A NORTHERN Irish 'peace wall' has been demolished after 30 years of dividing communities in Belfast.
The wall, on the Crumlin Road in the Ardoyne area of north Belfast, stood for three decades before contractors tore it down yesterday.
It was erected in the mid-1980s, designed to give "protection to residents in the interface of the area" during the Troubles.
But the Northern Ireland Housing Executive (NIHE) made the move yesterday to demolish the 8ft high structure, which will be replaced by railings and decorative panels.
The decision to take down the wall was led by the local community, who were seen taking bricks from the wall home with them.
"This is really bucking a trend," Fr Gary Donegan, rector of the Holy Cross Church that overlooks the wall, told The Irish Post.
"The area is synonymous with so much of the pain and conflict that occurred during the Troubles so if it happened here, it can happen anywhere."
Ardoyne, a historically Catholic working-class area, was a hotspot for clashes between opposing communities during the Troubles.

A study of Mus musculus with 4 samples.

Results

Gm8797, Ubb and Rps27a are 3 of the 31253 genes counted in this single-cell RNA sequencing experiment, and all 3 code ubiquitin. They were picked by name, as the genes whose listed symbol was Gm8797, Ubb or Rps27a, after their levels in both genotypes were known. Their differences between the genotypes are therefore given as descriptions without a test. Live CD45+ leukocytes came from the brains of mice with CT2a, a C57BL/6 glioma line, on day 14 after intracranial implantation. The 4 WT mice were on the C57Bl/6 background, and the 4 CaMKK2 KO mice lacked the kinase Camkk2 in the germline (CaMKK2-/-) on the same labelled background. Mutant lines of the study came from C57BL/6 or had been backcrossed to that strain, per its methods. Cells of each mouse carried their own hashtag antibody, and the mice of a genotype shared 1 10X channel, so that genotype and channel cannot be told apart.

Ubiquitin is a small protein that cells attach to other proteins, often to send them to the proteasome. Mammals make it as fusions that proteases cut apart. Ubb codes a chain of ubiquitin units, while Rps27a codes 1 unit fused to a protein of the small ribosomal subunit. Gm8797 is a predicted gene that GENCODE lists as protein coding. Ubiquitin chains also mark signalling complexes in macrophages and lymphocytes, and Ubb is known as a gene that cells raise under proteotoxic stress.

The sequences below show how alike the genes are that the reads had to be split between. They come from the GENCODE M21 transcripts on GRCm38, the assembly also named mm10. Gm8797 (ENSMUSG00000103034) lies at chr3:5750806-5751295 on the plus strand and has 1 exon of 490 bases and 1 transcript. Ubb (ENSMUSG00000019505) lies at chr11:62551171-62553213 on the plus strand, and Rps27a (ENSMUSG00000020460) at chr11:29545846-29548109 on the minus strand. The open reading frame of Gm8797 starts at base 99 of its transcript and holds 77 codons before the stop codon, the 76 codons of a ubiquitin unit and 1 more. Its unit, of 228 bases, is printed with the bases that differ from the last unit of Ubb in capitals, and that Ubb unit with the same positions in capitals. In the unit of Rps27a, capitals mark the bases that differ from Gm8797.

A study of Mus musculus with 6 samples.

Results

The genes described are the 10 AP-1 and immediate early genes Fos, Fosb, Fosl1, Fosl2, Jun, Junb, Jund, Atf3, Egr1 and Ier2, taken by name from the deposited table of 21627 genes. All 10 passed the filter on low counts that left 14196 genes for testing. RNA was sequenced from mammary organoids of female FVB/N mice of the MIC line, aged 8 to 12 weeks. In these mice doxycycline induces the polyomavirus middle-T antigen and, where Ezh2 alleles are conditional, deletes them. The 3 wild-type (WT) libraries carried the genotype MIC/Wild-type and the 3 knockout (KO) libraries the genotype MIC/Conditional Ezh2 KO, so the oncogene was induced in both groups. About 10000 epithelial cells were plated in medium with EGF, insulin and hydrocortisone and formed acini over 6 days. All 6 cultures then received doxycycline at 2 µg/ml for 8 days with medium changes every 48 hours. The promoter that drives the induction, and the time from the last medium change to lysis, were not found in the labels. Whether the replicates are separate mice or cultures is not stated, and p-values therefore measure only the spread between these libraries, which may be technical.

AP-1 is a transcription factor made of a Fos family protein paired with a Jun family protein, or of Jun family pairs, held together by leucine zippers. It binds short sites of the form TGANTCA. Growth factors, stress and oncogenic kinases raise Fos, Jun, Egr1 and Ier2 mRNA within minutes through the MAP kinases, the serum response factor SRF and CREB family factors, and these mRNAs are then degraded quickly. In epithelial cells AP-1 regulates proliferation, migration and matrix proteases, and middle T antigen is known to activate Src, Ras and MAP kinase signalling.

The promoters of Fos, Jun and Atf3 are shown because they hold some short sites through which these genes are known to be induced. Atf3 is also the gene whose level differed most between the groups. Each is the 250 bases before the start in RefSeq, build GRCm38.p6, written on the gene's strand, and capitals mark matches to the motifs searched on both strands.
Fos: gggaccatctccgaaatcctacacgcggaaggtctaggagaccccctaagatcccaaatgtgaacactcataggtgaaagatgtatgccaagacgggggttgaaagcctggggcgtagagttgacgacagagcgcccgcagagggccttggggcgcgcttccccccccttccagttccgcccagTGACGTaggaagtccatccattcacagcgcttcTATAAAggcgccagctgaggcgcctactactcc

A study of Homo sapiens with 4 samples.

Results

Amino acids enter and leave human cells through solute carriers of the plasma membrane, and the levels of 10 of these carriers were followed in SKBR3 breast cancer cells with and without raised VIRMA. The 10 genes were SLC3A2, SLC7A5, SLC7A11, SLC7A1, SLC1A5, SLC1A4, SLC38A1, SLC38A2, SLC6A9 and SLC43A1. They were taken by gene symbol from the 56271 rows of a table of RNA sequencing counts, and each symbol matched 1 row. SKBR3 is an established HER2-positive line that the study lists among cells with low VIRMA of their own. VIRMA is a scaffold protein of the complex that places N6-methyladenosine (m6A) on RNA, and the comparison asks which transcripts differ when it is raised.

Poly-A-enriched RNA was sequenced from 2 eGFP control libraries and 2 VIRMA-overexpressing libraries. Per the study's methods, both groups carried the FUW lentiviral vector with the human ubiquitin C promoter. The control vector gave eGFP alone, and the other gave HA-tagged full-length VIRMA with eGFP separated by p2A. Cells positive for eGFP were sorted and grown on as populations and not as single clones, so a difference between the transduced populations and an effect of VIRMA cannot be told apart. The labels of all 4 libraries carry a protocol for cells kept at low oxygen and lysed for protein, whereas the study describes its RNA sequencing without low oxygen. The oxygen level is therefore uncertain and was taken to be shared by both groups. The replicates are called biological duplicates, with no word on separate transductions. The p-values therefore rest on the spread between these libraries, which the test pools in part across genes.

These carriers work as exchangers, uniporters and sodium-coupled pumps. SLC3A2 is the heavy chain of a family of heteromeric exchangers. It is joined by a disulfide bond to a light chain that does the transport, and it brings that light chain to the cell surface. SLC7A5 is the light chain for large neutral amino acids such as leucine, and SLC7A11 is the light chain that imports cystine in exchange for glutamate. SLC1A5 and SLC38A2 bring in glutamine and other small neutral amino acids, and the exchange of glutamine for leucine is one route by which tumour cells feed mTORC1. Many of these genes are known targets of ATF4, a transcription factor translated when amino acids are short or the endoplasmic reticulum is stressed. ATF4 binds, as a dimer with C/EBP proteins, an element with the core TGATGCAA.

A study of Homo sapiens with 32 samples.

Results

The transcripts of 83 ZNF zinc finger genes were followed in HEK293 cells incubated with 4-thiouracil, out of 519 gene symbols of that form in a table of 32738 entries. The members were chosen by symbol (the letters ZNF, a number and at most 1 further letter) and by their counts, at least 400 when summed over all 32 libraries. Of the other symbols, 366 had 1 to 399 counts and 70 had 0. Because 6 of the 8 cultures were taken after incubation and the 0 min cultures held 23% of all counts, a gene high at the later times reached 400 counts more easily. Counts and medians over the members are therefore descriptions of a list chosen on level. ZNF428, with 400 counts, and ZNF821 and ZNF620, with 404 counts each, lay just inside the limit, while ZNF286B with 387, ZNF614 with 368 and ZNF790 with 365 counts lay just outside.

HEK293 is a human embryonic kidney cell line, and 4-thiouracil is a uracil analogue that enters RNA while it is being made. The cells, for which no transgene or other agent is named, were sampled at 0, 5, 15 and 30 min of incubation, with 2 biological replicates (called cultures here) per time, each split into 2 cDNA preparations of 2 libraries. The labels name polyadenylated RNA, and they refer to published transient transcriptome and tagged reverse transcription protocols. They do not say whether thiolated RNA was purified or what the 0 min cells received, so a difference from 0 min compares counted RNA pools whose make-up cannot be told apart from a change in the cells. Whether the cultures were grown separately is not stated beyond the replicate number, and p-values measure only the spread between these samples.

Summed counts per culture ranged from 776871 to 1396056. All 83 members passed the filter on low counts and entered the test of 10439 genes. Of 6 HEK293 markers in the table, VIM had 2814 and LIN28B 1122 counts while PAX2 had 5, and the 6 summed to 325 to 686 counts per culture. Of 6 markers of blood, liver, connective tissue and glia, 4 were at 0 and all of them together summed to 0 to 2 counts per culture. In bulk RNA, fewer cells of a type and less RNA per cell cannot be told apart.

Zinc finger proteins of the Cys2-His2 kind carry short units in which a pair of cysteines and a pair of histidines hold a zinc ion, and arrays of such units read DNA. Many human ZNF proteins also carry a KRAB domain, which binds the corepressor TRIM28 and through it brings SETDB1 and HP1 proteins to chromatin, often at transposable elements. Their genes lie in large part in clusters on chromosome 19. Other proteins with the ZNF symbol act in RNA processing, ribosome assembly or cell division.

The area was deemed a “no-go” zone by members of the Royal Ulster Constabulary at the peak of the Troubles in the 1980s because of the ongoing violence.
“This is a brave and a bold step taken by residents who have seen more than their fair share of the conflict yet have an eye on the future and a better way of life for themselves and their families," said Rabb McCallum, of the Twaddell Ardoyne Shankill Communities In Transition (TASCIT) group.
“Our role has been to enable the community to take this positive step and remove this physical and psychological barrier 30 years after it was first erected.”
The peace wall was built on what is considered “one of the most contentious interfaces” in the North of Ireland at a time when sectarian murders and violence were rife in the Belfast suburb.
There are estimated to be 110 peace walls remaining in the North of Ireland – and Stormont’s Programme for Government has committed to removing them all by 2023.